The counseling process is a continuous, cyclical model in which the counselor and client collaboratively set goals, formulate actions plans, and assess progress toward the goal(s). Throughout the process new information is integrated, the counselor-client relationship is developed, and progress toward counseling goals is reassessed. It is the utilization of special skills to assist and motivate individuals, couples, and families in achieving short and long term emotional and behavioral objectives. The number of sessions or length of time in therapy is determined by the client’s progress or in some cases, lack of progress, which generally translates to client “dropping out” of counseling.
The counselor must develop an overall awareness of the entire counseling process across a number of interviews. In consultation with the supervisor, students will be asked to approach the model presented here by concentrating on particular points in the model during each semester, and relating these to the overall process.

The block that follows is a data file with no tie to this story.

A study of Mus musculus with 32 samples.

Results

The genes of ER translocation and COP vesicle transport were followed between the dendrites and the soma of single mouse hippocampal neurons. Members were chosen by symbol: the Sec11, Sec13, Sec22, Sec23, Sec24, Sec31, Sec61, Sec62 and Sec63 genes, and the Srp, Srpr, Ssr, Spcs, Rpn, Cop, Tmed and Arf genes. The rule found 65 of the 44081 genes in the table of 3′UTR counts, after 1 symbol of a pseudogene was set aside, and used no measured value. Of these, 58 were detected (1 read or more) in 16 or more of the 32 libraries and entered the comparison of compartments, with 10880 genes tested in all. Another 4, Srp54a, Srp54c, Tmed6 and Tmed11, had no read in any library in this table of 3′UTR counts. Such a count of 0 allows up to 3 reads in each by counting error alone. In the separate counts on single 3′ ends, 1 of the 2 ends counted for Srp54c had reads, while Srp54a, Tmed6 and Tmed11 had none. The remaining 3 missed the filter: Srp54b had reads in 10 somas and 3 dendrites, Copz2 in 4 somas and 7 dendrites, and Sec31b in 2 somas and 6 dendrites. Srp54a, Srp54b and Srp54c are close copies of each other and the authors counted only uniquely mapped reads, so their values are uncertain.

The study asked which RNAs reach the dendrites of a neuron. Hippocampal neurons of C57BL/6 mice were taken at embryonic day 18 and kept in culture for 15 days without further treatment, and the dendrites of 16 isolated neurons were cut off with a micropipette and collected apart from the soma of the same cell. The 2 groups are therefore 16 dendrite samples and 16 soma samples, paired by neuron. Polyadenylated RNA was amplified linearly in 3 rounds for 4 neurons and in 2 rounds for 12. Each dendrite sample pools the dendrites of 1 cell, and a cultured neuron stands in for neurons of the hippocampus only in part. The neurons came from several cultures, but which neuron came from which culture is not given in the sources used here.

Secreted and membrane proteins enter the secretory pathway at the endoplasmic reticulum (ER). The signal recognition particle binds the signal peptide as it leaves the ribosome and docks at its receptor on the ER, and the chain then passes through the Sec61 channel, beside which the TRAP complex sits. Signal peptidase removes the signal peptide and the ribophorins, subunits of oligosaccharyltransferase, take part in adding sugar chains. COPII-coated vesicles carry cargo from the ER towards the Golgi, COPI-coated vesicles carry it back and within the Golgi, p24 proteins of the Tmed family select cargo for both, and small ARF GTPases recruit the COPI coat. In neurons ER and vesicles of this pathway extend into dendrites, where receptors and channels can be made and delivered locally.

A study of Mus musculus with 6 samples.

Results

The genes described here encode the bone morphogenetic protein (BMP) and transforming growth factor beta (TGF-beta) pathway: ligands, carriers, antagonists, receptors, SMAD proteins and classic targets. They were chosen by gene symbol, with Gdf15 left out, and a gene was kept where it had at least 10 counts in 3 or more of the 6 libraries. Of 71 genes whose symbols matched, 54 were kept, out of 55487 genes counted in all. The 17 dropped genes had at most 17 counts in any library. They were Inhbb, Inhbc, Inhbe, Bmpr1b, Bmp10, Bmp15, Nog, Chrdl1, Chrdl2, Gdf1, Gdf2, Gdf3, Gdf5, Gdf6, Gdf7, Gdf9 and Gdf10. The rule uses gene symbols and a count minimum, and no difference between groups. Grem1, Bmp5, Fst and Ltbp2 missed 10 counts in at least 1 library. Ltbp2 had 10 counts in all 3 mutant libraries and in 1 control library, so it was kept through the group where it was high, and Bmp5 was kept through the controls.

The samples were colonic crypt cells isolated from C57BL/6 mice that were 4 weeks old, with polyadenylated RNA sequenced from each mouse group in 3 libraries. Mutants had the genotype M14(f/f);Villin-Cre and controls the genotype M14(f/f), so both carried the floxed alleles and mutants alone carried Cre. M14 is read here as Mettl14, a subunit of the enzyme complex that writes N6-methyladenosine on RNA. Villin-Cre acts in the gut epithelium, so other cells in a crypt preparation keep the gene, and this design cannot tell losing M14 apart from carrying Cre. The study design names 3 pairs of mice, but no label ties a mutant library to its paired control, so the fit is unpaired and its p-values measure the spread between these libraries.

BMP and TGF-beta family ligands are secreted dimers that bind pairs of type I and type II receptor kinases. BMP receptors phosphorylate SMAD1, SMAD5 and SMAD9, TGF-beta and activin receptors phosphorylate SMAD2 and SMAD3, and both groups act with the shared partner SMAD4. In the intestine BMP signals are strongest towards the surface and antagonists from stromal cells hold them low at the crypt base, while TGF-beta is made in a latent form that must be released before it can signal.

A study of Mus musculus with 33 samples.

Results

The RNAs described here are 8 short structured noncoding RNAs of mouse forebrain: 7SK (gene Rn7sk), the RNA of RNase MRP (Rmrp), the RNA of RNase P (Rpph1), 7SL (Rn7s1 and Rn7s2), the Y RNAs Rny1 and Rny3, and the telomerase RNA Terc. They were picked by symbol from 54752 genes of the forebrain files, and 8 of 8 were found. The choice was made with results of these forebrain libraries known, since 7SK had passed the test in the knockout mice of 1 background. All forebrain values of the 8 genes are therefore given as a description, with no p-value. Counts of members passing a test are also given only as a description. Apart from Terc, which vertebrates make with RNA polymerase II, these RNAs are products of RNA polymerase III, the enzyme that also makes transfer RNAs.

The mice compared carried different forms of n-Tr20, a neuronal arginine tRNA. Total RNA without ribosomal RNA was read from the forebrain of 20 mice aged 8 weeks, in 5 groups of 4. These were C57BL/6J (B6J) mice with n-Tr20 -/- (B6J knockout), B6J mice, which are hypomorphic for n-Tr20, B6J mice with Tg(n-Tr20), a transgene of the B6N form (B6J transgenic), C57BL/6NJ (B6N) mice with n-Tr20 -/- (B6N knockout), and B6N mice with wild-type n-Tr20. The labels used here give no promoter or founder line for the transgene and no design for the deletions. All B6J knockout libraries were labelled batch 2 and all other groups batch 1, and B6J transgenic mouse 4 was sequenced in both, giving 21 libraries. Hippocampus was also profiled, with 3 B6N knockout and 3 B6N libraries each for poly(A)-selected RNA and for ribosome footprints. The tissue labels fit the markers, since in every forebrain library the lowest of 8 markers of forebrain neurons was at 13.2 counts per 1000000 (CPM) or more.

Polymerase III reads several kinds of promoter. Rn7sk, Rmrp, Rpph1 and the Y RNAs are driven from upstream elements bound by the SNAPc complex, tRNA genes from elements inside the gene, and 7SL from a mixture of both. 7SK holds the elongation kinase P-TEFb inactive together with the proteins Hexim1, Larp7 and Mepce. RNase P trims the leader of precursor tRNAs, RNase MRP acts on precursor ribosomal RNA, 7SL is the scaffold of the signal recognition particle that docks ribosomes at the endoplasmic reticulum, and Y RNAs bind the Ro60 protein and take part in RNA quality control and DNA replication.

The counselor may also employ a variety of techniques to help you understand your feelings. For instance, the counselor may ask questions designed to reflect back to you your thought processes and to help you make sense of your feelings. The way we think has a great deal to do with how we feel and how we experience things. You might explore and implement changes in the way you do things, and that then can go on to enhance your life or your relationship.
Expectations of the Counseling Process
You can expect to meet with someone who is interested in listening to your concerns and in helping you develop a better understanding of them so that you may deal with them more easily and effectively. If you have any questions about your therapy, by all means ask. Counselors have no magical skills or knowledge, and will be unable to solve your problems directly for you. If you have any questions about the limits of confidentiality, please bring them up with your counselor.